A Clockwork Orange

Anthony Burgess
A Clockwork Orange Cover

A Clockwork Orange


2 things to know before my review:

1) Please get a dictionary for Nadsat as you read the book -- the teenage language or slang used heavily throughout -- so that you can appreciate everything better. I disagree with the reviewers who say not to worry about it and to just go with the Burgess's "flow of consciousness" and context to decipher the story. It is virtually indecipherable without one. If not in the book itself, it is easily found online for free. I just printed it out and carried it with the book itself as I read.

2) Make sure you read the correct version -- this being the one with 21 chapters as intended by Burgess. The ending is different from the movie. His introduction is also valuable and enlightening to read when you are finished with the book.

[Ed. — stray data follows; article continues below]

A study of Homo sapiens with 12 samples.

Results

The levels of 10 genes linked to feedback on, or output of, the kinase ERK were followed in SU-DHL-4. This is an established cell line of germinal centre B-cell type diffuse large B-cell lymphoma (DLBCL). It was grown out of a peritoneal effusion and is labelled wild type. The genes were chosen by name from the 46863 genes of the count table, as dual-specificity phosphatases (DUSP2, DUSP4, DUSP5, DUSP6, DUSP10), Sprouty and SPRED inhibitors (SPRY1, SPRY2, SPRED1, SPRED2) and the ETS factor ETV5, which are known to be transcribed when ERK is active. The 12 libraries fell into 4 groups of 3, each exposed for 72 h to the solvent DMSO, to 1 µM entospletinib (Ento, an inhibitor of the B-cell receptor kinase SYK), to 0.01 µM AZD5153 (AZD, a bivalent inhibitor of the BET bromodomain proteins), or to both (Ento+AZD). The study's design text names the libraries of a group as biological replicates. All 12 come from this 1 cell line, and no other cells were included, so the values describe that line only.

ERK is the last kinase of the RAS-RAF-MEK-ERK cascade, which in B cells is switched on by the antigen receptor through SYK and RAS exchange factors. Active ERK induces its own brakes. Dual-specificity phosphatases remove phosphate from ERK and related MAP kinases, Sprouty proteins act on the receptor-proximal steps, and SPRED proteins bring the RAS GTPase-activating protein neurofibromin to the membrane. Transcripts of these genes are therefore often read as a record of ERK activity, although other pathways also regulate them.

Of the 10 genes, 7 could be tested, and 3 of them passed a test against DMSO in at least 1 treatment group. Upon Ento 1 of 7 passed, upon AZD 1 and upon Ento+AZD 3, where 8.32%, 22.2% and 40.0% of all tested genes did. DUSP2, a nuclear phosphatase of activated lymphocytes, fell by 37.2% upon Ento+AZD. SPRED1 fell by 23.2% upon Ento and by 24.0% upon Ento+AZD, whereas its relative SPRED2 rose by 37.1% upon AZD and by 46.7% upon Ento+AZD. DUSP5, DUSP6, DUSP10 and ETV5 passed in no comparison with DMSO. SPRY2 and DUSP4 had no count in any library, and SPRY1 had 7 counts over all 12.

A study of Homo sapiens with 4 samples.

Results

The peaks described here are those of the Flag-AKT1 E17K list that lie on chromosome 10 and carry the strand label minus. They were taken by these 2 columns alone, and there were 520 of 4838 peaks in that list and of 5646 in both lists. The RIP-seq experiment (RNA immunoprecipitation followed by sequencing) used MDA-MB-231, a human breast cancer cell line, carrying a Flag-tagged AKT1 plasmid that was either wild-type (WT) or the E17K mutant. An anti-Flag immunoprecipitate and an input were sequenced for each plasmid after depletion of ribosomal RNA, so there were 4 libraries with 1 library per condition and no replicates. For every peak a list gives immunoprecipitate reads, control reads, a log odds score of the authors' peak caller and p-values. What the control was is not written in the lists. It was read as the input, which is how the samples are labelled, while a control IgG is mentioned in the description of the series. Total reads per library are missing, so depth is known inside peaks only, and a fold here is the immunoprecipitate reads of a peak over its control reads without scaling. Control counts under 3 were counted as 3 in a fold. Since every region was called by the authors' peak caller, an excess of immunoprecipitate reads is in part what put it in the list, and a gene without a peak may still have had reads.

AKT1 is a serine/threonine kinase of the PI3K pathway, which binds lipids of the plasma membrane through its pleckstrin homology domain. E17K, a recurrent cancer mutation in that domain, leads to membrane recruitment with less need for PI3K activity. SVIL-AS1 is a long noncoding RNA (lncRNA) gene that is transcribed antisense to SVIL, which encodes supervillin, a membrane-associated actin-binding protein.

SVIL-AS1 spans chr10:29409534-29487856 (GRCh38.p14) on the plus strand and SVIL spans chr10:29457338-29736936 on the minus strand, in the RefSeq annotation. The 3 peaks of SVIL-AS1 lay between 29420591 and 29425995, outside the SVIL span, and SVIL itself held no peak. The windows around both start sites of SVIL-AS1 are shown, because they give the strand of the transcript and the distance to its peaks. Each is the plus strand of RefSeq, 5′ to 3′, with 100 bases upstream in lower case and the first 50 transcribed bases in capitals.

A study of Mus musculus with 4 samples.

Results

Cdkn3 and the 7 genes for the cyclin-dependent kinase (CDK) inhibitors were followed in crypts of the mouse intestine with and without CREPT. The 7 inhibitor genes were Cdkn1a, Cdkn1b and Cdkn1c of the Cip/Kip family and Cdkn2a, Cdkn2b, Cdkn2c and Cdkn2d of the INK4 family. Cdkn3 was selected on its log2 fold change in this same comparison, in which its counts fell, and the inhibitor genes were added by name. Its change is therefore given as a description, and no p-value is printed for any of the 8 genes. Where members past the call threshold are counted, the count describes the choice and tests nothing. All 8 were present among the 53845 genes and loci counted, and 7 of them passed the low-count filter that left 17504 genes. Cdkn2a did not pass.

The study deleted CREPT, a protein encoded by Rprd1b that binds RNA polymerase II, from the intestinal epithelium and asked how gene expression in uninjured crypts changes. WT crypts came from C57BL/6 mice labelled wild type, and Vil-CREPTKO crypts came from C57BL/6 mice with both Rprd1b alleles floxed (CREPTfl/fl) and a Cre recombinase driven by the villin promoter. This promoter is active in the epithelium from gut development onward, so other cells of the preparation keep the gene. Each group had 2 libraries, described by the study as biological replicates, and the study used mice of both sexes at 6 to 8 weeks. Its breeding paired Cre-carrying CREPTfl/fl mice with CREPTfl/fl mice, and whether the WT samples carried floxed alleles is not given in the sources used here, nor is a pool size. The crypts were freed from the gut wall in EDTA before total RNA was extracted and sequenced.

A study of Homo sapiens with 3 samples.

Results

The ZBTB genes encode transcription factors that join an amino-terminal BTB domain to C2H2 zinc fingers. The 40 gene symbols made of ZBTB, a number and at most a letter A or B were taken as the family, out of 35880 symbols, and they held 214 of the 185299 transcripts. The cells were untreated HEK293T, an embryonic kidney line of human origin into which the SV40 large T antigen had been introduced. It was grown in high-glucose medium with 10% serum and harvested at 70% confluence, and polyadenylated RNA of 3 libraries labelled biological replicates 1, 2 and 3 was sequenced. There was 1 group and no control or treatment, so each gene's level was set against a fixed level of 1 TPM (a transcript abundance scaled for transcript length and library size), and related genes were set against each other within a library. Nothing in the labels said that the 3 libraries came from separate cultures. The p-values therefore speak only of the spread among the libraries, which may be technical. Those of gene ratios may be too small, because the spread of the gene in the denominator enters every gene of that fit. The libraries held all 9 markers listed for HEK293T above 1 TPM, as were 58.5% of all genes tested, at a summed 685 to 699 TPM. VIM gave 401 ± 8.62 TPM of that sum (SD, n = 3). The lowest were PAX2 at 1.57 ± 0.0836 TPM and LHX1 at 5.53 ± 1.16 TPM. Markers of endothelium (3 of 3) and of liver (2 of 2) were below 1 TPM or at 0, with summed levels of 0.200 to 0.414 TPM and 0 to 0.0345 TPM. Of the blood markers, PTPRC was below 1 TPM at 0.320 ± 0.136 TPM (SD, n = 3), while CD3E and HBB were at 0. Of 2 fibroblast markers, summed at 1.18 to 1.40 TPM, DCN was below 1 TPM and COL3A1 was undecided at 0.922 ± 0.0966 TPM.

A murderous teenage criminal is "reformed" by the state through a combination of drugs and forced viewing of what amounts to torture / violence porn.

Challenging to read because of need of dictionary mentioned above. I have mixed feelings. I hated Alex and felt no sympathy toward him (or at least considerably less sympathy than I would think Burgess was after on the part of the reader), but I did care about what happened in the book. It brings out interesting questions of morality and how having a choice between right and wrong is part of what makes us human. However, it is heavy-handed at times with the "ultra-violence" as Alex calls it. I have no desire to see the movie, because if the violence, rape, etc. are as bad as the book, it deserves close to an X-rating.